Legal Fees

Evolution of the Billing Committee (Sounds Dull, But it Isn’t)

The Rules of Professional Conduct for Ontario lawyers say some stuff about how lawyers are to set their fees.  The guts are that:

1. Lawyers should charge reasonable fees.

2. What is reasonable depends on a number of things, the most important of which are the following:

a. the time and effort spent;

b. how difficult and important the matter is;

c. whether special skill or service has been provided;

d. how much money is involved;

e. the result obtained;

f. special circumstances such as whether the lawyer had to decline other work, or whether the lawyer assumed risk in getting paid, or the urgency of the matter;  

g. what the lawyer and client agreed to;

h. the experience and ability of the lawyer; and

i. any estimate or range of fees given by the lawyer.

Long ago, lawyers looked at these rules and decided that what it all meant was that lawyers should charge on an hourly basis, but they could charge a different amount (usually higher) if it could be justified under any of paragraphs b to i.  How lawyers came to this conclusion is a very long story which should be told by a person who cares. That is not me.

Law firms eventually determined that this system had an inherent flaw, and that is that lawyers tended to focus on paragraph 2a and bill their hourly rate times the number of hours that they spent on a matter, instead of focusing on all the other subjective paragraphs which could be relied upon to justify increasing the fee and charging what they liked to call a “premium.”

So they invented the Billing Committee. Ostensibly, the Billing Committee was intended to be certain that all bills were reasonable and fair to the client. But that was not really its only, or even primary, purpose.

In the beginning, the Billing Committee consisted of some Partners who had the responsibility of approving the accounts to be rendered by the lawyers in the firm. They would question things such as whether all of the time had been recorded and try to find ways to justify increasing the fee beyond the result obtained by multiplying the hourly rate times the number of hours spent. Surely this was an important matter for the client, wasn’t it?  Or perhaps we achieved a great result, didn’t we? There must be a reason that a premium can be charged, isn’t there? 

Back in those days, lawyer’s bills did not actually disclose the number of hours spent, so there was no need to trouble the client with whether or not a premium had been included in the bill, or how a premium was justified. Lawyers just kept it simple. Their bills said what they did and what they charged. The clients who were quoted an hourly rate may have thought that they were just paying for the hours recorded. Sometimes they were, and sometimes they were not. In any event, it was all covered in the small print in a retainer agreement that nobody ever read.

Over time, things changed. Clients demanded disclosure. Computers made it easy to report time dockets. It became downright difficult to quote $600 per hour, produce a print-out showing 10 hours and bill $8,500.  Clients did not understand how that worked and when lawyers tried to discuss the idea of a “premium” with them, clients were unamused.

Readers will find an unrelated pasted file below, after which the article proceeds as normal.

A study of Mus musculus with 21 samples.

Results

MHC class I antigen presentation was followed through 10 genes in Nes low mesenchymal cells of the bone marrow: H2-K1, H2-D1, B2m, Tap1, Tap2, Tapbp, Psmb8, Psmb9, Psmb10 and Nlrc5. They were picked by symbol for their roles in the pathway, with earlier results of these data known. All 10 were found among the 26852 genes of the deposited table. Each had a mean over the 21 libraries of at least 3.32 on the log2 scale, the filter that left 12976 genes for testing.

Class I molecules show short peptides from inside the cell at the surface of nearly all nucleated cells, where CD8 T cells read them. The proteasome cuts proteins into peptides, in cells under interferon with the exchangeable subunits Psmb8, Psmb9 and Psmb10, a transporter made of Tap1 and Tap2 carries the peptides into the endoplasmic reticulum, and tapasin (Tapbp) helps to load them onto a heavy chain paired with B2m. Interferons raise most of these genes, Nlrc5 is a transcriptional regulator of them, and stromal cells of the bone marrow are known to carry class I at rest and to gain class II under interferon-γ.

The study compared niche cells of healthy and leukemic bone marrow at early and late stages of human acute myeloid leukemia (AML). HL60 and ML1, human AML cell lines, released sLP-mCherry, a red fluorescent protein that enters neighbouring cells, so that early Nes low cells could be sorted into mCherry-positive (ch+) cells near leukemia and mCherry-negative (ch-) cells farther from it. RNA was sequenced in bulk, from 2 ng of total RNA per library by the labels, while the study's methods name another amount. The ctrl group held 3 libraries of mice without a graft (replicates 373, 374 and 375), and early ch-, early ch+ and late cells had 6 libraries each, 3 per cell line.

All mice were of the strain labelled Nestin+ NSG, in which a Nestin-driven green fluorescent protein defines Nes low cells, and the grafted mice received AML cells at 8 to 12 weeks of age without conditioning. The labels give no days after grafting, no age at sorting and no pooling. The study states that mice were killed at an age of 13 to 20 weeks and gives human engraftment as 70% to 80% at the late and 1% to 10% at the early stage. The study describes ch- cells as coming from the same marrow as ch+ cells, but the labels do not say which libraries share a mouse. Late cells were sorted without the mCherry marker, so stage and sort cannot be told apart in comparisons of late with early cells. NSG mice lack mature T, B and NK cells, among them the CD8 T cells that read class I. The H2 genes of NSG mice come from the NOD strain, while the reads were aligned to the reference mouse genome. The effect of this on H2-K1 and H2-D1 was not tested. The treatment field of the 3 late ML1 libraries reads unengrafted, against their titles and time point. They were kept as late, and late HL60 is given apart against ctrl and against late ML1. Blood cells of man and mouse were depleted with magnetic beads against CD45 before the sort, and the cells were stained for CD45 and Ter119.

Sure, some lawyers created a hidden premium by adding a few extra hours into the account, but most of them were honest and just accepted that the old days were no more.  The Billing Committee became less important.

But things changed again, as they always do. Clients started questioning whether all of those hours were necessary or represented ‘value.’  Lawyers anticipated these issues and ‘wrote down’ the time, which was the ethical thing to do. Sometimes they did it ‘officially’ and sometimes they just forgot to docket some of their hours, sort of on purpose.

Some firms got the impression that their lawyers were being too generous with those write-offs. So, back came the Billing Committee, but this time its purpose was to question why lawyers were not billing all of their time. Surely the Associates were working more hours than they recorded, were they not?  And was the junior partner just a bit too quick to conclude that the student missed the point on the research memo?  We did the work, didn’t we?  We should be paid for it, shouldn’t we?

When you spend a professional lifetime justifying and rationalizing in order to get the best possible deal for your client, it becomes a way of thinking. Many people try to interpret the world in a manner which favours their own interests. Lawyers are no different in that regard, but they tend to have the skills to do it really, really well.

So here is my take on all of it:

If you are going to bill by the hour, you have to accurately record all time spent on a matter and carefully consider any adjustment, whether up or down from actual time. If the adjustment is down, no problem. You don’t even have to mention it. But:

  1. if you quote an hourly rate and then charge more than your recorded time multiplied by the hourly rate without obtaining your client’s approval, it is fraud; and
  2. if you quote an hourly rate and bill for time spent that did not directly benefit the client without obtaining your client’s approval, it is also fraud.

All the Billing Committees in the world cannot rationalize fraud into something ethical.